Pakistan Prime Minister Nawaz Sharif arrived in India on Monday with a "message of peace" to attend the oath taking ceremony of Prime Minister-designate Narendra Modi, becoming the first ever Pakistani leader to do so.
"Pakistan wants good relations with India and I am going to New Delhi with a 'message of peace'", Sharif said in his informal address to the media just before departure from Lahore airport. Sharif also said all issues can be solved through talks. He is accompanied among others by his wife Kulsoom Nawaz and his son Hussain Nawaz.
63-year-old Modi, who led the BJP to an astounding victory in the recently concluded Lok Sabha elections, extended invitations to all SAARC heads of state, including the Pakistan premier, last week. It is the first ever visit by a Pakistan leader to India to attend the oath taking ceremony of a prime minister-designate.
Sources said it is expected Sharif will also give a formal invitation to his counterpart for a visit. The News reported on Sunday night that Sharif met his younger brother Shahbaz Sharif along with others in Lahore and discussed the visit. "The premier said Pakistan wanted the resolution of all issues with India, including Kashmir, Sir Creek, water and trade, and it wanted to establish a relationship on the basis of equality for peace in the region," the paper said, citing unnamed sources. In the meeting, Sharif said the government's decision to release arrested Indian fishermen as a goodwill gesture and giving back the confiscated fishing boats for the first time in the history of the two sides was aimed at improving the ties.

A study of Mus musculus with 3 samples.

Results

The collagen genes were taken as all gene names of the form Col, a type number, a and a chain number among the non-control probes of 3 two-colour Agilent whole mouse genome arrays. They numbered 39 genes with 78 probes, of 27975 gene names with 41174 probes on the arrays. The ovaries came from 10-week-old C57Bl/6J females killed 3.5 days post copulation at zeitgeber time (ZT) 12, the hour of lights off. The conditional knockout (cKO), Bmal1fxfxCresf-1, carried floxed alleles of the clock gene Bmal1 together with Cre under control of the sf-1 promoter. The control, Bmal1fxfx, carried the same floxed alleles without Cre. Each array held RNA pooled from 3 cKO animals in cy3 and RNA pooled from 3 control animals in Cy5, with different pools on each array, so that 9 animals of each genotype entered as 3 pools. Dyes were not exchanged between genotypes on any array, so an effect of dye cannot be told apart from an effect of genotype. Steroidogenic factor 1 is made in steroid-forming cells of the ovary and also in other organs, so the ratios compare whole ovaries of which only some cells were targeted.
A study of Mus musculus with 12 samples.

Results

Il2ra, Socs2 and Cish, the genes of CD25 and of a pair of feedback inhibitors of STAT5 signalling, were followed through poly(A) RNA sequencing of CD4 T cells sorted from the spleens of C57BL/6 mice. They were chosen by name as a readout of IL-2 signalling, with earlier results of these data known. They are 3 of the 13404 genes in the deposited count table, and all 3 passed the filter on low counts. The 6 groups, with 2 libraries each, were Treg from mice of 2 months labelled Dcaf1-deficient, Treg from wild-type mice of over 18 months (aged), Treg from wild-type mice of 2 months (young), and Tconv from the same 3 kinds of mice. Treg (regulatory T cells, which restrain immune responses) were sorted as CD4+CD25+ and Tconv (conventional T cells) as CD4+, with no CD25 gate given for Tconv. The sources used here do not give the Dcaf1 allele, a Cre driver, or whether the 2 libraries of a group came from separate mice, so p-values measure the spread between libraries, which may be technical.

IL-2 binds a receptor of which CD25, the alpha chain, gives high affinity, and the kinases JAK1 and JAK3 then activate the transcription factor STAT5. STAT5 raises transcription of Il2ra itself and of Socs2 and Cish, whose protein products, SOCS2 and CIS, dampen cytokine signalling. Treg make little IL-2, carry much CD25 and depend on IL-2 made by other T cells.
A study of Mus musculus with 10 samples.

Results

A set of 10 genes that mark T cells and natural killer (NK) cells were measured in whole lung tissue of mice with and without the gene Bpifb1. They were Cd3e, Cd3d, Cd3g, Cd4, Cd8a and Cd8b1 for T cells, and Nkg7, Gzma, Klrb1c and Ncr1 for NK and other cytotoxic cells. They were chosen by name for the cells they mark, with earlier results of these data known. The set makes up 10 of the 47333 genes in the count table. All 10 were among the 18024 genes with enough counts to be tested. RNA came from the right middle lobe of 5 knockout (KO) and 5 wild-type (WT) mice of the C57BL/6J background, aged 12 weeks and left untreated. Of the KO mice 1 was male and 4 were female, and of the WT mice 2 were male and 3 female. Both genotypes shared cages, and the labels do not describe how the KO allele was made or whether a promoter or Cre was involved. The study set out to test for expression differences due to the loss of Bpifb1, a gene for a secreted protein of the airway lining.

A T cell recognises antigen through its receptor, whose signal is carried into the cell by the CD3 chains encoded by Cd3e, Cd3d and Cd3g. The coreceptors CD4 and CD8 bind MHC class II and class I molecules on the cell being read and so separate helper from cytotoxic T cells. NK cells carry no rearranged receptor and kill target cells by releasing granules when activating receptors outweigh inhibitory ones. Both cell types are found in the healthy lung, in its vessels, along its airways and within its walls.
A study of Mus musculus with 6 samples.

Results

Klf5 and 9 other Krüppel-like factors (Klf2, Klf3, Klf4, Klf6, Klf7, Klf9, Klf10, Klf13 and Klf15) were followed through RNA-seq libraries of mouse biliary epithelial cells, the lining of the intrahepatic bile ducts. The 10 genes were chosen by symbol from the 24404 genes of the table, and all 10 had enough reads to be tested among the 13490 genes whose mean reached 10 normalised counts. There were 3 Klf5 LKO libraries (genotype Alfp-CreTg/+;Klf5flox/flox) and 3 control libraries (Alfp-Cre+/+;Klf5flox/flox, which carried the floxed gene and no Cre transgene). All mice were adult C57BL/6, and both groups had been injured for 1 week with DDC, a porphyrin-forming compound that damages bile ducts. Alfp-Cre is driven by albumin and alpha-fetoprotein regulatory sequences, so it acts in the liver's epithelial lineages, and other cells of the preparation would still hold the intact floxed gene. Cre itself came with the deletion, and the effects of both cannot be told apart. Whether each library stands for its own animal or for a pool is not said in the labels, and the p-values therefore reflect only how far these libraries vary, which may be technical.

No breakthrough is expected during the visit but it will provide the two leaders an opportunity to cultivate personal relations which go a long a way in reducing tensions.
Pakistan has avoided repeated reference to Kashmir before the visit which was in contrast to former military ruler Pervez Musharraf's Agra trip of 2001 when he announced that the disputed region will be the central focus of the summit.
In another major development, Pakistan has so far not dropped any hint that Sharif will meet Kashmiri leaders, which is also a departure from established tradition.
Musharraf's high tea party by Pakistan High Commission in 2001 where APHC leaders were invited had created a storm and almost rocked the entire trip. Analysts said the visit will help in easing tension. Former Ambassador Ali Sarwar Naqvi said the meeting between the two prime ministers is very important. Since the relations have been through many ups and downs, it improve the atmosphere for future talks, he said.